I spent the break up in Michigan, with my wife’s family in Grand Rapids like we do every year. But this year the city felt completely different. So many new things are opening, major new projects underway in beer and otherwise. We visited Sovengaard, Rick Muschiana’s new nordic-inspired restaurant and beer garden. Rick used to work at Brewery Vivant, one of our favorites. And he took what he learned there in terms of sustainability and hospitably and applied it to a new concept that really brightens up the Grand Rapids scene for me. He's got an amazing beer list—one of the most adventurous in the city by far. But also great wines, and a unique menus far away form the pub food that GR so often does. This spring the beer garden portion will open up, and I can’t wait to see it.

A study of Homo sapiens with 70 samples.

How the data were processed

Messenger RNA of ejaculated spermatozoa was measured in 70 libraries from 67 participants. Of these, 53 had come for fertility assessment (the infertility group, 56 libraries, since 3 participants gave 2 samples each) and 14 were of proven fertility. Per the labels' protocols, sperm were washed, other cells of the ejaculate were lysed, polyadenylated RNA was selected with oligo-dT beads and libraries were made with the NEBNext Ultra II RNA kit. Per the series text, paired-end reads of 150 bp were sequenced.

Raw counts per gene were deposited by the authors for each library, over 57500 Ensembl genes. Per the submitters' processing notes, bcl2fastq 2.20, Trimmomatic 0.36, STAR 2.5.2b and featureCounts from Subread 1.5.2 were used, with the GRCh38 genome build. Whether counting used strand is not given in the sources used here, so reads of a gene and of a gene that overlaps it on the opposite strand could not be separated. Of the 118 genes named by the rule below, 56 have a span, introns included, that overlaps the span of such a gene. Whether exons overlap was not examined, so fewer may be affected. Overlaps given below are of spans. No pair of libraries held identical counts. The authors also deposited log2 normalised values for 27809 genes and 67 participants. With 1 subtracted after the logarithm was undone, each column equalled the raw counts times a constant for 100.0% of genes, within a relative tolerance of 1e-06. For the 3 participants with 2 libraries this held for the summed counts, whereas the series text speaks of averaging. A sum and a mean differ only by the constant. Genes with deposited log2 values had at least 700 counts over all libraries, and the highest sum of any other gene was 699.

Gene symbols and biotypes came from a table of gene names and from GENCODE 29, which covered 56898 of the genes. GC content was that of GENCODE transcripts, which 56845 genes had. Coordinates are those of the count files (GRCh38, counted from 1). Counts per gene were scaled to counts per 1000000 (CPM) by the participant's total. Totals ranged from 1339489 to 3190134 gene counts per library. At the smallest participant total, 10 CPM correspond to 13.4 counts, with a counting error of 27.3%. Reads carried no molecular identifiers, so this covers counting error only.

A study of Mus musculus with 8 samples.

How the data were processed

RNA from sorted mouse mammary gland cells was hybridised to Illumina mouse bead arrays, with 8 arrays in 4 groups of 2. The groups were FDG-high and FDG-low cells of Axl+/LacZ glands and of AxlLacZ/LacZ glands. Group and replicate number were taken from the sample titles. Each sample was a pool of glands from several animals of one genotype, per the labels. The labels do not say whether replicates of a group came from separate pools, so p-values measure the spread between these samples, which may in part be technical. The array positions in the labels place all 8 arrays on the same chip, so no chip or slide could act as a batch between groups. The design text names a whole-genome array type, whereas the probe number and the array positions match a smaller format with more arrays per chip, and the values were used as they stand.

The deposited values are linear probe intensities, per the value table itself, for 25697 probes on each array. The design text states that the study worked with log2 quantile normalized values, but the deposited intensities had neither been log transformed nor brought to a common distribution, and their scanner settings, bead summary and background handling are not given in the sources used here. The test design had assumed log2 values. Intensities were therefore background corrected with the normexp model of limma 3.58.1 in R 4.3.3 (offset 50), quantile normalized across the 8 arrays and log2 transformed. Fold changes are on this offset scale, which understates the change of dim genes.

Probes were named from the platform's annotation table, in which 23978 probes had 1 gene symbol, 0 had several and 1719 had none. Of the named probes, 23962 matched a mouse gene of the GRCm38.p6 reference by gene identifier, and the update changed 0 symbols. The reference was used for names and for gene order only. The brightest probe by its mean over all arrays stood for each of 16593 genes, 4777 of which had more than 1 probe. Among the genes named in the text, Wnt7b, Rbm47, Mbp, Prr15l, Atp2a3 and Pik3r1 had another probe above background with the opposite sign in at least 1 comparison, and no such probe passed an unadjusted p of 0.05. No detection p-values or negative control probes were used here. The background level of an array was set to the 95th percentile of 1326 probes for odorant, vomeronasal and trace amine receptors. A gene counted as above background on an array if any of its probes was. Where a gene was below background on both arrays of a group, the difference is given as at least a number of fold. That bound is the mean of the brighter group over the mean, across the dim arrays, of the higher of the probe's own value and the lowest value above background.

Across the street from Sovengaard is one of GR’s most ambitious projects, the New Holland brewpub. It towers over the neighborhood, a complex with the brewpub on the ground floors, a set of private event rooms and a cocktail bar on the second, and above that new condo residences. Compared to their original brewpub back in Holland, Michigan, the contrast is stark.
It’s a long way from home, maybe not geographically, but spiritually, from how I perceived the New Holland brand so many years ago on my first visit when Mad Hatter was a stand-out hoppy beer for the region, and Dragon’s Milk was something I could barely wrap my head around. As you’ll hear in this series of interviews, that’s going to change forever—maybe for the entire country.
To paint a full picture of the evolution of New Holland, I decided to talk to a few people in the organization. So this is going to be a unique one. We’re going to hear from the new Grand Rapids brewpub brewer, the VP of marketing, the executive chef who overseas both locations, and the national sales manager who is taking on the challenge of taking New Holland, well, national.